Speech therapy is unique to other therapies in that the areas our interventions focus on are incredibly physically and emotionally intimate. Swallowing, breathing, speech. Struggling with these everyday functions can weigh heavy on our clients. And, unfortunately, like other therapies, change is something that comes gradually and with hard work. It’s no wonder so many patients become frustrated and discouraged. Thankfully, there are ways for therapists to combat speech therapy frustration.
Like so many other aspects of our practice, the best way to manage our clients is to communicate realistic expectations to them. By laying out the path their therapy journey will take, you are preparing them for that long road, so they are best equipped and less likely to become overwhelmed. Before beginning to work with a new client, be upfront with some of the struggles they may face and the emotions that come with it. Acknowledge the validity of their fear, anxiety, and frustration as well as what is and isn’t an appropriate way to communicate those feelings. After all, some clients with cognitive challenges may also face confusion (think after a stroke) or have trouble expressing emotions as a neurotypical client might. If possible, you can even help them explore ways to keep a positive mindset and release frustration.
Recognize the Signs
When it comes to younger clients or those who already struggle to communicate, expressing frustration can be a challenge in and of itself. This can present itself in many ways: outward anger or resentment, incessant body movement, self-oriented abuse, a lack of self-confidence and so much more. Educate yourself and your staff on these signs of speech therapy frustration, so that all are aware of when redirection or change in tactics might be necessary. As you work with everyone, learn where their unique threshold lies. It’s also a good idea to share this information with parents and caretakers.
Frustration-sparked outbursts are not uncommon in the world of therapy, especially when working with younger children. De-escalation is the key to remaining sensitive to the client’s needs and struggles without letting the behavior derail the session. If outbursts are a problem in your clinic, it might be time to invest in some training for you and your staff. In the meantime, here are a few strategies to try:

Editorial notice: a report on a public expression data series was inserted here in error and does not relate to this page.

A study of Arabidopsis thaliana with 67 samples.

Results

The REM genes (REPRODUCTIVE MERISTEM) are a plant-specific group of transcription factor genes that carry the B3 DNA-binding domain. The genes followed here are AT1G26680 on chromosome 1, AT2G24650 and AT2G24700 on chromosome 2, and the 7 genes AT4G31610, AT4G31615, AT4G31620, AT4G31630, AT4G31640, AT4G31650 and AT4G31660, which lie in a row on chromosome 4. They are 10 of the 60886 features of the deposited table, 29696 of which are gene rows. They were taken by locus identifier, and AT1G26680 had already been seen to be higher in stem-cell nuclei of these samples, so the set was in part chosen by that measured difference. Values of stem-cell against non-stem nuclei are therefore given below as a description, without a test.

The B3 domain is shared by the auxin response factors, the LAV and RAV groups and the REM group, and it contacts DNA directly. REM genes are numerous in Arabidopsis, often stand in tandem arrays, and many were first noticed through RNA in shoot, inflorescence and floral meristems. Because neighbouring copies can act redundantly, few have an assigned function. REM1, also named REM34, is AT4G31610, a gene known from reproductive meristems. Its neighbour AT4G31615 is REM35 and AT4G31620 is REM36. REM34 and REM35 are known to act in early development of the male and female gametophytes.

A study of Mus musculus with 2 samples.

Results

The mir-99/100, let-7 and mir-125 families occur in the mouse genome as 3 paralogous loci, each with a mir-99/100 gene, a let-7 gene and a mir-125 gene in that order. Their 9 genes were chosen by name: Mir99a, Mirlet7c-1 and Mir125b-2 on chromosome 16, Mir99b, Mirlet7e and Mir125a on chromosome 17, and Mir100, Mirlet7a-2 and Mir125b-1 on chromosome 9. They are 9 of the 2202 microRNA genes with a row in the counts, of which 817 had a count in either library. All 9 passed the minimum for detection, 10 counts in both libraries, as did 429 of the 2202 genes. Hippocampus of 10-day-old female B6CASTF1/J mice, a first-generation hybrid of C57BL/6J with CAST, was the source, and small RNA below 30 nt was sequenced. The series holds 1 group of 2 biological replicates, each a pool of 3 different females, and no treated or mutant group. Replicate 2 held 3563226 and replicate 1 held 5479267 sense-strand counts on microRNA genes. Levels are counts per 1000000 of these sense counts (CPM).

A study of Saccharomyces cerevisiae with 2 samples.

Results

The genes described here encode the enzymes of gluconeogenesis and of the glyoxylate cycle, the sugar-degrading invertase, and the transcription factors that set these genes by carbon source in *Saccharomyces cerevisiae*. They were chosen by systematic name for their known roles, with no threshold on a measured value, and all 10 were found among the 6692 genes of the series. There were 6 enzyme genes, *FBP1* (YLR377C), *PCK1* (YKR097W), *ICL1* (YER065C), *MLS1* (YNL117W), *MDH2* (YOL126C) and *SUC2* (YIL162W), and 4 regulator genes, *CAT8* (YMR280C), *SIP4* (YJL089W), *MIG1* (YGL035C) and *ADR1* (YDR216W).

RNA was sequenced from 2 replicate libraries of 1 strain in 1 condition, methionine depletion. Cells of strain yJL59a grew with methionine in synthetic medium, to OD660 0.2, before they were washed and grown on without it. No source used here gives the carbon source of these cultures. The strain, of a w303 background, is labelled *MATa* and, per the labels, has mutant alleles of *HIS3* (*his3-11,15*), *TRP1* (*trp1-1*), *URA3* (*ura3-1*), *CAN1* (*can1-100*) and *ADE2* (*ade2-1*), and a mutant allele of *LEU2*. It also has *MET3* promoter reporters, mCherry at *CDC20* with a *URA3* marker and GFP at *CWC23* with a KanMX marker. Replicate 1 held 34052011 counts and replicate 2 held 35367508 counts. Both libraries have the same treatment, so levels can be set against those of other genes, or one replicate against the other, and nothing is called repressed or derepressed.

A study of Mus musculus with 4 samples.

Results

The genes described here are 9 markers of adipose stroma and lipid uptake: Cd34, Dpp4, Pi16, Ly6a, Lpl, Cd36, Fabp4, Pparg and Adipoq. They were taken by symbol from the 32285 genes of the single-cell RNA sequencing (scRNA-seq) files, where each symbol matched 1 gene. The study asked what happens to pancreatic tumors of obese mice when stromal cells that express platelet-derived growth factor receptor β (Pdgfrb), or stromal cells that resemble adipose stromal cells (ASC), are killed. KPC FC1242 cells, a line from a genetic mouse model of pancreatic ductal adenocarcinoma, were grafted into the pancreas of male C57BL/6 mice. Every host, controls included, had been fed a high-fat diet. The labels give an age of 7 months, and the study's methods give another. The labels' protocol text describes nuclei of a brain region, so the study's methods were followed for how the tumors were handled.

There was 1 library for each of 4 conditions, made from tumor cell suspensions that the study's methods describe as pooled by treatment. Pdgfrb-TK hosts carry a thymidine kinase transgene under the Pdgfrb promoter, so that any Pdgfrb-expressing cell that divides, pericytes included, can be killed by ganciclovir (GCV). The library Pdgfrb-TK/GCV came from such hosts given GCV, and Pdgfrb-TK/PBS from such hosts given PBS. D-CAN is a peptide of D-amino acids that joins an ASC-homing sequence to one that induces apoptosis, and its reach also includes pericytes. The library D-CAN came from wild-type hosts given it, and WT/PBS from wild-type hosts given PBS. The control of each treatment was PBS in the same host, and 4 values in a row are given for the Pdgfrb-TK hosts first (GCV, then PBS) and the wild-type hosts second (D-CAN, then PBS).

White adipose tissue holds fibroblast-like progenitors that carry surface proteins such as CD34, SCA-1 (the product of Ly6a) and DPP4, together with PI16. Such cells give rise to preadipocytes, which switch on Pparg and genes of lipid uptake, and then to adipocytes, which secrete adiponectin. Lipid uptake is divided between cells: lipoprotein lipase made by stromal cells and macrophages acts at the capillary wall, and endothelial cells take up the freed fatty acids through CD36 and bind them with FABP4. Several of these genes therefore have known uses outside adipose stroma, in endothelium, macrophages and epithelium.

- Reestablish personal space – by removing yourself from the client’s bubble, you are showing that you respect their space and let them regain control.
- Take a few deep breaths – taking a moment to breathe can help reduce stress in both therapist and patient, bringing energy levels back down to a workable level.
- Validate their emotions – reassure your client that what they are feeling is valid. Try re-stating their concerns to them and using empathy to help them feel heard and understood.
- Don’t match the energy – therapists, too, are only human. A frustrated client can often be a frustrating client. Do your best to keep your demeanor calm. Remember, it’s okay to excuse yourself and take a break for a few moments before returning to a session.
Collaborate and Listen
When patients feel involved and empowered in their treatment, they are more likely to adhere to the plan set before them. SLP clients may already feel powerless, make sure you’re involving them however possible in the development of their plan and the setting of their goals. This will look different for different populations (ex: a post-stroke geriatric client versus a child with developmental delays vs someone recovering from a brain injury). Use pictures, and ask for permission when it comes to plans, a simple, “How does that sound?” and a nod can move mountains. Mind your body language, appearing more open to the collaboration you will need from the patient to succeed.
Don’t Add to the Frustration
The truth is, frustration is a symptom, and largely stems from anxiety. After all, you’d be frustrated too between underlying medical concerns, and the overall “tossed around” difficult-to-understand insurance policies. The good news is you don’t have to contribute to the cycle.
One of the best ways a clinician and clinic staff can manage the frustration of their client’s experience is to provide a smooth office experience. Whether that means keeping detailed notes to prevent asking for the same info over again, having assessments at your fingertips so you can focus on the person in front of you rather than a piece of paper, or offering telehealth for clients who have difficulty making in-office appointments, there are ways to simplify a naturally frustrating process.
This should also extend to out-of-office interactions, with cleaner billing and a patient portal to share documents, a patient or their caretaker can have the information they need and the transparency that is so rare in the medical world.
The Key to a Frustration-Free Clinic
Of course, one of the best ways to mitigate frustration for your clients is to eliminate it from your clinic staff and their tools. Fusion helps thousands of PTs, OTs, and SLPs streamline their practice. With incredible insights, billing, assessments, telehealth and so much more you and your clients will benefit. Schedule a demo to see our EMR solution in action today.